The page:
The theme of the Education Fair of 2018 was Interdisciplinarity: Building Bridges. Interdisciplinarity is one of the key aims of the Utrecht Young Academy and so we fulfilled a special role during the fair: Besides having a place on the Information Market, we organised a course on Interdisciplinary Education: How to make Interdisciplinary learning happen?
How to make Interdisciplinary Teaching happen?
The workshop started with a short introduction to threshold concepts and troublesome knowledge. While at Durham University, João came into contact with the idea that, in each discipline, there exist significant “threshold concepts” that lead to new and previously inaccessible ways of thinking about something. A threshold concept represents, thus, a transformed way of viewing something—without this, the learner finds it difficult to progress in the curriculum.
During the past few meetings of the interdisciplinary teaching and learning group of the Utrecht Young Academy, its members discussed the possibility of using these threshold concepts as the basis to develop a truly interdisciplinary curriculum. They came to the conclusion that these concepts have the potential to travel between disciplines. Even though their meaning, reach, and operational value differ between disciplines, they have the potential to form the backbone of interdisciplinary studies—precisely because they don’t mean the same thing for everyone.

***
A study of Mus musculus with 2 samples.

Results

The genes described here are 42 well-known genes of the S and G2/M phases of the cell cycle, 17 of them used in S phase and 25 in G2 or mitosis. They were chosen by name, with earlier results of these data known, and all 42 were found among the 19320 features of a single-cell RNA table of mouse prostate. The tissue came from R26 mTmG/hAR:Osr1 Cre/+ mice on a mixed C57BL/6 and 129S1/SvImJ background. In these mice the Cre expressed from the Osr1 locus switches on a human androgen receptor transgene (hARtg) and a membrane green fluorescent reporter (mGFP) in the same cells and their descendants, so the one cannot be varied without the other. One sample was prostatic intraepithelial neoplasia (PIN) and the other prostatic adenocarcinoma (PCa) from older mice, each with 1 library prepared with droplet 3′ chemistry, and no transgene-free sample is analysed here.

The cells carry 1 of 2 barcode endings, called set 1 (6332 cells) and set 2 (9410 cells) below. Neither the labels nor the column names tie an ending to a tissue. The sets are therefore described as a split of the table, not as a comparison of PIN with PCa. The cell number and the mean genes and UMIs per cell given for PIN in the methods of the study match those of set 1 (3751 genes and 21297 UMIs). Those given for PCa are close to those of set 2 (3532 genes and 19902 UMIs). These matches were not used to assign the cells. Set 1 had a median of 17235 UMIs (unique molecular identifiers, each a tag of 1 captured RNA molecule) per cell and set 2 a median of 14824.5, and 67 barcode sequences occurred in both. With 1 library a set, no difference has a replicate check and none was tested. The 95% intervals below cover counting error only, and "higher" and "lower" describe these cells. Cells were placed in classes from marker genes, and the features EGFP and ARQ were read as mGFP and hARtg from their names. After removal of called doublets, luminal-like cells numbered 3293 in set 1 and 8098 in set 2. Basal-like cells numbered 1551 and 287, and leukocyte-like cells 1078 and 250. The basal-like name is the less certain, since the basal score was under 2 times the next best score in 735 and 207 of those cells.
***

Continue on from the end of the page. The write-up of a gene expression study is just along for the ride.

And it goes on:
João and Rianka then asked the participants to consider what concepts they considered to be fundamental to a grasp of their subject, and which concepts students in their disciplines typically find difficult to grasp. Would we agree what students must learn in our disciplines? What concepts are threshold concepts in our disciplines, and which have the potential to travel across the disciplines and thereby form the backbone of an interdisciplinary curriculum?
We think it is fair to say that the workshop was a great success, and that we wished we had had more time to continue the interesting group discussion on these matters. João and Rianka have been inspired by the contributions of the participants and have established new contacts within the university. Our plans for the future include organizing a followup meeting on traveling threshold concepts and on designing interdisciplinary teaching and learning around these concepts.